Lean, no doubt, is a powerful proven business management system with long track record of success stories (and probably as many failed attempts).
In 60 years, Lean made it slowly from Lean Manufacturing to Lean Thinking and Lean Management, from small improvement experiments in industrial workshops to worldwide shared Body of Knowledge.
Despite all the experience gathered and shared, the numerous good books, papers, testimonies or seminars, the application of Lean concepts is still as it was in its early days. Most of those starting Lean initiatives seek cost savings and/or performance improvement and still consider Lean as a well-furnished toolbox. They try to fix broken and poorly designed processes, bailing water faster rather than fixing the leaks.
Sadly, Lean seldom made it into management age, but keep stuck in the tool age as Jim Womack would put it, being “used” as it was in its early days, or as Mike Rother expresses it: “Lean seems stuck in the 20th Century, for instance focused almost exclusively on efficiency, and that there is a 21st-Century Lean that encompasses a wider range of human endeavor.“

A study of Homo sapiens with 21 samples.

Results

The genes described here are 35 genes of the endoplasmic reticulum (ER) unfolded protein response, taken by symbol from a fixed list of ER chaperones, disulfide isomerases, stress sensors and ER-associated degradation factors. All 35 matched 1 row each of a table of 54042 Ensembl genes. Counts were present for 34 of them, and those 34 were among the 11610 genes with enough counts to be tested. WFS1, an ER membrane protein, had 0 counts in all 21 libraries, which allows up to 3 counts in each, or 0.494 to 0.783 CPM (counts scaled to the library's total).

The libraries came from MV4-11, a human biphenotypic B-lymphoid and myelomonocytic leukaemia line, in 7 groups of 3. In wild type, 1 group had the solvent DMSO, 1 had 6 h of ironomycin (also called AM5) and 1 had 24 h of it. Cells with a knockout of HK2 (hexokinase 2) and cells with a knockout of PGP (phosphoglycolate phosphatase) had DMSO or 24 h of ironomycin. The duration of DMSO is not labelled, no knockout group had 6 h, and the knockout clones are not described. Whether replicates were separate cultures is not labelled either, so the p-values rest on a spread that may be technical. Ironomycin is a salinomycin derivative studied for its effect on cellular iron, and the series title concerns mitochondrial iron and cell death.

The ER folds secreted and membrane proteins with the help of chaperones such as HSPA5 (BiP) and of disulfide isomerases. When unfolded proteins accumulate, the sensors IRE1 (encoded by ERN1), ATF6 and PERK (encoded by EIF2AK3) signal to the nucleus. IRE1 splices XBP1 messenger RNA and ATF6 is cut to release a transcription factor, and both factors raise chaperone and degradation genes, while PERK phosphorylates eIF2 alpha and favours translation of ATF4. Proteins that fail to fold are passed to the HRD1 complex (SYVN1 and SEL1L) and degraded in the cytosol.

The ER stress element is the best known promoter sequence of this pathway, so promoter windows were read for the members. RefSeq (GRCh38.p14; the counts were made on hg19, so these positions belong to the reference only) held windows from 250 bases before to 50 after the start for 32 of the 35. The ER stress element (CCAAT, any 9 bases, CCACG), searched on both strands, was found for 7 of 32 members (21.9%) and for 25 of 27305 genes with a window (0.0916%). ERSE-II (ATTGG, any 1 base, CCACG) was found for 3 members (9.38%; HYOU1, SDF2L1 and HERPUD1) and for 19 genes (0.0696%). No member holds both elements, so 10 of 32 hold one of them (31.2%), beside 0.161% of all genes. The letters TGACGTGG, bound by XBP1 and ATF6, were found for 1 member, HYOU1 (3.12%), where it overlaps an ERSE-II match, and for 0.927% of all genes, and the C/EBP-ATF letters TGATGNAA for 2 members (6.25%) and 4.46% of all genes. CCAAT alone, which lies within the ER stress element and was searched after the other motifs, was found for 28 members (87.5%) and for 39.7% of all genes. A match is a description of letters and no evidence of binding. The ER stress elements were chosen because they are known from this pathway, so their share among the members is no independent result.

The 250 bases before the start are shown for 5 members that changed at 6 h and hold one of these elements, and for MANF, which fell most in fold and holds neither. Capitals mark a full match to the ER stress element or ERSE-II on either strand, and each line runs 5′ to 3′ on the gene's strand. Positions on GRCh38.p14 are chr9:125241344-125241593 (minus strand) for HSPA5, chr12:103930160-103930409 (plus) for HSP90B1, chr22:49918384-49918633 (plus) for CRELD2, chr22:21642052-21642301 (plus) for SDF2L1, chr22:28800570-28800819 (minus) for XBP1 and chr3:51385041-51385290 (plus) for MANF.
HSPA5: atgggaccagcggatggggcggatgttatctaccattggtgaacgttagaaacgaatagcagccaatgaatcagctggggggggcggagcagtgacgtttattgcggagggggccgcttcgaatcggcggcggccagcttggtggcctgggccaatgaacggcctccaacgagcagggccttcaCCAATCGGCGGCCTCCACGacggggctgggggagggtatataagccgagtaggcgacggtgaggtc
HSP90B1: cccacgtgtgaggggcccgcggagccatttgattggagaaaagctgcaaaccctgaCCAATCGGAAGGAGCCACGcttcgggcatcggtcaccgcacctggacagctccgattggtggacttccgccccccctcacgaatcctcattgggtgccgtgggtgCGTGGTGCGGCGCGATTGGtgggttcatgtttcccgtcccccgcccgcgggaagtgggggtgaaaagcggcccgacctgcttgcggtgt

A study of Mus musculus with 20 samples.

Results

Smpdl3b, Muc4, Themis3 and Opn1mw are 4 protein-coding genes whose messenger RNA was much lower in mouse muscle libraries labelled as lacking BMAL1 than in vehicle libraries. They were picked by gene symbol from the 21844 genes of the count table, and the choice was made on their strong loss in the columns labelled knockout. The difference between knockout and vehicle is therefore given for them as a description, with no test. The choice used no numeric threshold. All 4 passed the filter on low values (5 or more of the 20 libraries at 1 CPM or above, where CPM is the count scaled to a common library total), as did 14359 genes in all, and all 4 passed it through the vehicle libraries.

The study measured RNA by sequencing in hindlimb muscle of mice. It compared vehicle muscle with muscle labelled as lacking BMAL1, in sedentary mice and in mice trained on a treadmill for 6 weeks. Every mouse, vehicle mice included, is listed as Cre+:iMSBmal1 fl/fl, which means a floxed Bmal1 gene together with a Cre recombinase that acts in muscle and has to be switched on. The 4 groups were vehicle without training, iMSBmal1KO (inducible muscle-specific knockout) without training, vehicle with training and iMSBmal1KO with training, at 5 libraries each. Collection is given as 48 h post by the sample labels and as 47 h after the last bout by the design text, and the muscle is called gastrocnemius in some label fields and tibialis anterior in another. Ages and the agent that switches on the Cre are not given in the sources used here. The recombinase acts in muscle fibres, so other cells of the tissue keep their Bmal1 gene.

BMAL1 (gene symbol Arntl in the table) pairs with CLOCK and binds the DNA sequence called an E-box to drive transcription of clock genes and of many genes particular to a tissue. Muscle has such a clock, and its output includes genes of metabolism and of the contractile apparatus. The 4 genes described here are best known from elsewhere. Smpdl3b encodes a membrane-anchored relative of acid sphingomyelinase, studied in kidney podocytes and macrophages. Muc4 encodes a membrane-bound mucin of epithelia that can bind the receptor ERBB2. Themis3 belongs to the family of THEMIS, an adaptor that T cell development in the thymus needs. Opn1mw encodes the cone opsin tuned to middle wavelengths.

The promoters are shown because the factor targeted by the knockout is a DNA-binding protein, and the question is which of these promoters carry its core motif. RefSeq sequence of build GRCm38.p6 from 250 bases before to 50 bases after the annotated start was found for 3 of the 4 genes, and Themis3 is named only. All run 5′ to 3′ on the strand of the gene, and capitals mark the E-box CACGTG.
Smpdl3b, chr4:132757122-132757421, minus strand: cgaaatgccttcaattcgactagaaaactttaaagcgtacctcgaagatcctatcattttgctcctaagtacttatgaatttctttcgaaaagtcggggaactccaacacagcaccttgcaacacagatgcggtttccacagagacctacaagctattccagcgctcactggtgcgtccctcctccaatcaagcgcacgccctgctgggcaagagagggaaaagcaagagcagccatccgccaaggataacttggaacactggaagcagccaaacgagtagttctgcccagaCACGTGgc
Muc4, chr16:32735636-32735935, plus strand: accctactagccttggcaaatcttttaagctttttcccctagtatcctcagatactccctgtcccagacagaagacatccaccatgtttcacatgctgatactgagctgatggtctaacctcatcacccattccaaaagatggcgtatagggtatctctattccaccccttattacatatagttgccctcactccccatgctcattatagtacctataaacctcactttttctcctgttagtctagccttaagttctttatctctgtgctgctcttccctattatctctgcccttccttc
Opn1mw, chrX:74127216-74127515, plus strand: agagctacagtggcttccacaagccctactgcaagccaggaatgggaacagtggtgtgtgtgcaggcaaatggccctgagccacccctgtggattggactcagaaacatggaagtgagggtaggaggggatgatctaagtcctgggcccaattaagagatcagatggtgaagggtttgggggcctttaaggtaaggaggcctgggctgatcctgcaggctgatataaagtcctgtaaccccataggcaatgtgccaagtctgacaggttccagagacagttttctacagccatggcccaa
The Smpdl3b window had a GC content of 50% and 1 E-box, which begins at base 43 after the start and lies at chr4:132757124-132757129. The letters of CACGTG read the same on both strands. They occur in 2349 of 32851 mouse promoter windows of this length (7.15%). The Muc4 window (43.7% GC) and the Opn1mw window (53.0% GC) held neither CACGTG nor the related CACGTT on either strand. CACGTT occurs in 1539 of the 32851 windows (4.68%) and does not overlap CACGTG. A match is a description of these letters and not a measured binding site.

It seems to me that most organizations using Lean run backwards into their future – which is risky and suboptimal enough – and do not anticipate the disruptions that lay ahead.
Innovations in technologies, societal changes and stiffer regulations for example will lead us into a near future where past experience will be only a limited help.
I think about machines able to learn from their own experience, processes able to configure and adjust themselves dynamically to respond to customers’ demands, power plants going into safe mode long before human supervisors would notice any problems, far better sales forecasts, ever smaller production batches and new ways to manufacture, using 3D printing for example.
Factories of the future will have to blend into residential areas, because of lack of space or simply because employees long commuting time is huge waste of time and energy. These factories must be energy efficient, limit all their pollution (noise, fumes, scrap…) and may be mobile device-controlled by only a handful of highly skilled personnel, few workers sharing their job with collaborative robots (cobots).
Science fiction? Not at all, no more. Search the Web for terms like “smart factories” or “industry 4.0” to get a glimpse into the future.
This brings (at least) two questions about Lean:
- Will lean survive the fourth industrial revolution? a topic I discuss in >this post<
- How Lean can help shaping the future?
This post is an introduction to a prospective thinking about these topics
- How Lean can help shaping the future? Value Stream Design
- How Lean can help shaping the future? Lean Engineering!
Feel free to share your thoughts and comments!